EU hopes to start new era of relations with Yugoslavia


European Union leaders, who met the new President of Yugoslavia over lunch today, will offer their support and will not pose any conditions for EU aid, President Jacques Chirac of France said.

European Union leaders, who met the new President of Yugoslavia over lunch today, will offer their support and will not pose any conditions for EU aid, President Jacques Chirac of France said.

Vojislav Kostunica, arriving for his first foreign meeting since defeating President Slobodan Milosevic in the Yugoslav elections, said fresh European money would be distributed fairly to those who need it most.

"Today, we will tell him we will continue to support him," Chirac told reporters just prior to Kostunica's lunchtime meeting with leaders of the 15 EU nations. "We want this renewal to be a success. We are not here to start laying down conditions."

Kostunica, arrived at Biarritz, where EU leaders are wrapping up their two-day summit, on a Yugoslav airlines charter flight.

"I expect support from Europe for the democratic changes in Serbia and for its return to where it has always belonged, Europe," the new president told reporters en route to Biarritz.

During the meeting, EU leaders were ready to promise Kostunica a 200 million-euro aid package to get Yugoslavs through the winter and to bolster his hold on power.

Asked how he would use the money, Kostunica replied: "In the same way that Europe has shown its solidarity with us, we will show solidarity with our most endangered citizens."

EU leaders were not expected to press Kostunica on his reluctance to bring Serb suspects - including Milosevic - to the U.N. war crimes tribunal in The Hague, Netherlands.

"He needs the room and time to stabilise his government," said Jozias Van Aartsen, the Dutch foreign minister.

The 15-nation EU is eager to take the leading role in the reconstruction effort of the Balkans after last year's NATO bombing campaign.

While Yugoslavia will be the main focus of Saturday's meetings, attention will also be paid to the crisis in the Mideast.

Javier Solana, the EU's top foreign policy official, briefed EU leaders on his shuttle diplomacy over the past few days.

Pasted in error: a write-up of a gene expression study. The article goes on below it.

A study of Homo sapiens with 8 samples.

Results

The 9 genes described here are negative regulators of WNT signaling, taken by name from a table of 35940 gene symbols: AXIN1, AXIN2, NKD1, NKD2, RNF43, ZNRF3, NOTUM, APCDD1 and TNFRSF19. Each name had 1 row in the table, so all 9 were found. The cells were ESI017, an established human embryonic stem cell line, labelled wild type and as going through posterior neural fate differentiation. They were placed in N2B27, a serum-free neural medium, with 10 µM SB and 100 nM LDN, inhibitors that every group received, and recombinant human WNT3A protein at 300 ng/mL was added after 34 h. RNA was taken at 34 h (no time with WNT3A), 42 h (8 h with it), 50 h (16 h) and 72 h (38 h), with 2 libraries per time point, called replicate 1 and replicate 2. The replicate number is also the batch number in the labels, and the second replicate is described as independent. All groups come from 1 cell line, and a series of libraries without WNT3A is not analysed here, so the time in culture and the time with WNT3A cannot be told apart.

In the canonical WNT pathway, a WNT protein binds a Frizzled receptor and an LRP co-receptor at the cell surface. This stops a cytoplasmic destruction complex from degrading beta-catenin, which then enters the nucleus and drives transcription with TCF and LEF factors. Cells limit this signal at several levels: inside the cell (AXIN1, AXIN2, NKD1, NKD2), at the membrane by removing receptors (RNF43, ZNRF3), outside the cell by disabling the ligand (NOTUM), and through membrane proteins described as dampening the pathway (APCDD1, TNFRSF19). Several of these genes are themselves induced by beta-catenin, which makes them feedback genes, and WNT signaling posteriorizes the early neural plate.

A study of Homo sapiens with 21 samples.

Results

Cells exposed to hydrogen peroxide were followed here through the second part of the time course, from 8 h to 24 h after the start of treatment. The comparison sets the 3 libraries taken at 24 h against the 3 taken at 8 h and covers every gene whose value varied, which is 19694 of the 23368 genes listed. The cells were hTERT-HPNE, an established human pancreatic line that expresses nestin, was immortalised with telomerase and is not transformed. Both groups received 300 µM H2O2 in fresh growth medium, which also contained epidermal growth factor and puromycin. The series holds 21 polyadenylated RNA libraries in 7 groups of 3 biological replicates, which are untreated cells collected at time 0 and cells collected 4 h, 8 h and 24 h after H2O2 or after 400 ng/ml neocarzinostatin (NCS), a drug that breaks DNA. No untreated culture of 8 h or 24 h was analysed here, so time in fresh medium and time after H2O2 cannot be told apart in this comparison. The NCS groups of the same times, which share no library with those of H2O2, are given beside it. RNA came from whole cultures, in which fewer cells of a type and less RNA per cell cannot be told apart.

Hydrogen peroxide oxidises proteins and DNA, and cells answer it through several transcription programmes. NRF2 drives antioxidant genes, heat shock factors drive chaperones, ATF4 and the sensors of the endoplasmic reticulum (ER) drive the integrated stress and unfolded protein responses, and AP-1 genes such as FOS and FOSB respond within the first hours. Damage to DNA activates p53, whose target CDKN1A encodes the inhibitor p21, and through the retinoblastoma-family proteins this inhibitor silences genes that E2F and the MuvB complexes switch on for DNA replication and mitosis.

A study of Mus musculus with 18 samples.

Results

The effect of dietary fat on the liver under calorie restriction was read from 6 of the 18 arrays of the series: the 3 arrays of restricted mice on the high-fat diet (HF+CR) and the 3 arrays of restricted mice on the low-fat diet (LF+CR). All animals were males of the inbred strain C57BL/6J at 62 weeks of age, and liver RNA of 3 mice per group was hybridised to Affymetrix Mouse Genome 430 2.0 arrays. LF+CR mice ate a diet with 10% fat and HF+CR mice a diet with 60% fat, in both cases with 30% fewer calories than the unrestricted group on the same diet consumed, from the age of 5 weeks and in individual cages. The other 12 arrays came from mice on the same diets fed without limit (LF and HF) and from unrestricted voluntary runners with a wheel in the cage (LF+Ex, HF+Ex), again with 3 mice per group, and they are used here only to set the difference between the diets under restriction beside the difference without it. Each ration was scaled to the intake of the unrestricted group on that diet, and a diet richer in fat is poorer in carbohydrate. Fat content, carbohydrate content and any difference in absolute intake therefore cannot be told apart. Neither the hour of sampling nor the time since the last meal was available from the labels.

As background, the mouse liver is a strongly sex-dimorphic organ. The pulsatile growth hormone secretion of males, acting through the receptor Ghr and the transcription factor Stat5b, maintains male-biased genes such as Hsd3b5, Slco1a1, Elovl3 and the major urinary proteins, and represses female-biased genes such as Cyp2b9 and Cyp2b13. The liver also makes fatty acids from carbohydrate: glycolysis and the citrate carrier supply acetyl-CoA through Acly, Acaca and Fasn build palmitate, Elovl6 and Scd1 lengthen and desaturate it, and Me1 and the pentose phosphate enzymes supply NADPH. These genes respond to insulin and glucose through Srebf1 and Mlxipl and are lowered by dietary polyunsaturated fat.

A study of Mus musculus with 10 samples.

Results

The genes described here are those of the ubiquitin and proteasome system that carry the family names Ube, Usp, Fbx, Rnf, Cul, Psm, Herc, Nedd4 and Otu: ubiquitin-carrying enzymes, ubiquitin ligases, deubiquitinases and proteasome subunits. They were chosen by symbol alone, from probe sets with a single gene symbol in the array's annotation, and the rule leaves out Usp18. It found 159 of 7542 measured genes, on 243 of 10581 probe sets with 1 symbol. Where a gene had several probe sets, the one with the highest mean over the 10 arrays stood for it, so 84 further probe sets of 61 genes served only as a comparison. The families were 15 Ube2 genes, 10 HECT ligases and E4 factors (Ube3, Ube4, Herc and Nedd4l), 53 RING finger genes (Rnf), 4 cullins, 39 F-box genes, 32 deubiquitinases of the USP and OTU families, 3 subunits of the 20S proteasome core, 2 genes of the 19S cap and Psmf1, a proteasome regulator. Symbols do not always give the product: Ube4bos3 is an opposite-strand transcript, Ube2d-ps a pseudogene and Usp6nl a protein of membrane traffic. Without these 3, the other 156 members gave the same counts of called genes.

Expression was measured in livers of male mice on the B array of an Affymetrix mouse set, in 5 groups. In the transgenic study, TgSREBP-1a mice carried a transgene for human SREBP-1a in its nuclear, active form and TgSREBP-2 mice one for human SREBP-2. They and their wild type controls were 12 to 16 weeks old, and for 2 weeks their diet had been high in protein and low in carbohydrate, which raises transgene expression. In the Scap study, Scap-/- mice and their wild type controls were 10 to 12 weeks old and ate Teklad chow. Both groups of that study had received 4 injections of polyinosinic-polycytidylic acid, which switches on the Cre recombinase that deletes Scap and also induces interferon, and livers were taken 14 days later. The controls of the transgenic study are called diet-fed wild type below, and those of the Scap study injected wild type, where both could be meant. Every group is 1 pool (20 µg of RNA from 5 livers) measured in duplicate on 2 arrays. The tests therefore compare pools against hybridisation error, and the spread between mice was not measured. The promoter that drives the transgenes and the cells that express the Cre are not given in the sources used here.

Britain's foreign secretary, Robin Cook, who has also been in the Mideast, briefed EU leaders on the progress made so far in trying to get Israelis and Palestinians back to the negotiating table after two weeks of fighting.

U.N. Secretary-General Kofi Annan said Friday after a meeting with the Palestinian leader Yasser Arafat that he expected a summit to be convened within 48 hours.

Crises in the Balkans and the Middle East have overshadowed the original agenda of the summit which was to focus on EU institutional reforms. Leaders will try on their last day of talks to work on breaking the deadlock between national positions on vital EU reforms which have to be agreed to by the time leaders meet again in December.

The EU prime ministers and presidents began the final day of their two-day summit, however, with a discussion of a charter of fundamental rights for European citizens. A European convention has been drawing up a charter model, which is aimed at moving the EU from a mere economic union to a real political union.

Issues over limiting national vetoes, reshaping the EU's executive arm, the European Commission, and on diluting more powers to the EU executive were debated without any conclusions on Friday.

A final deal is to result in a new EU treaty at a Dec. 7-8 European summit in Nice, France.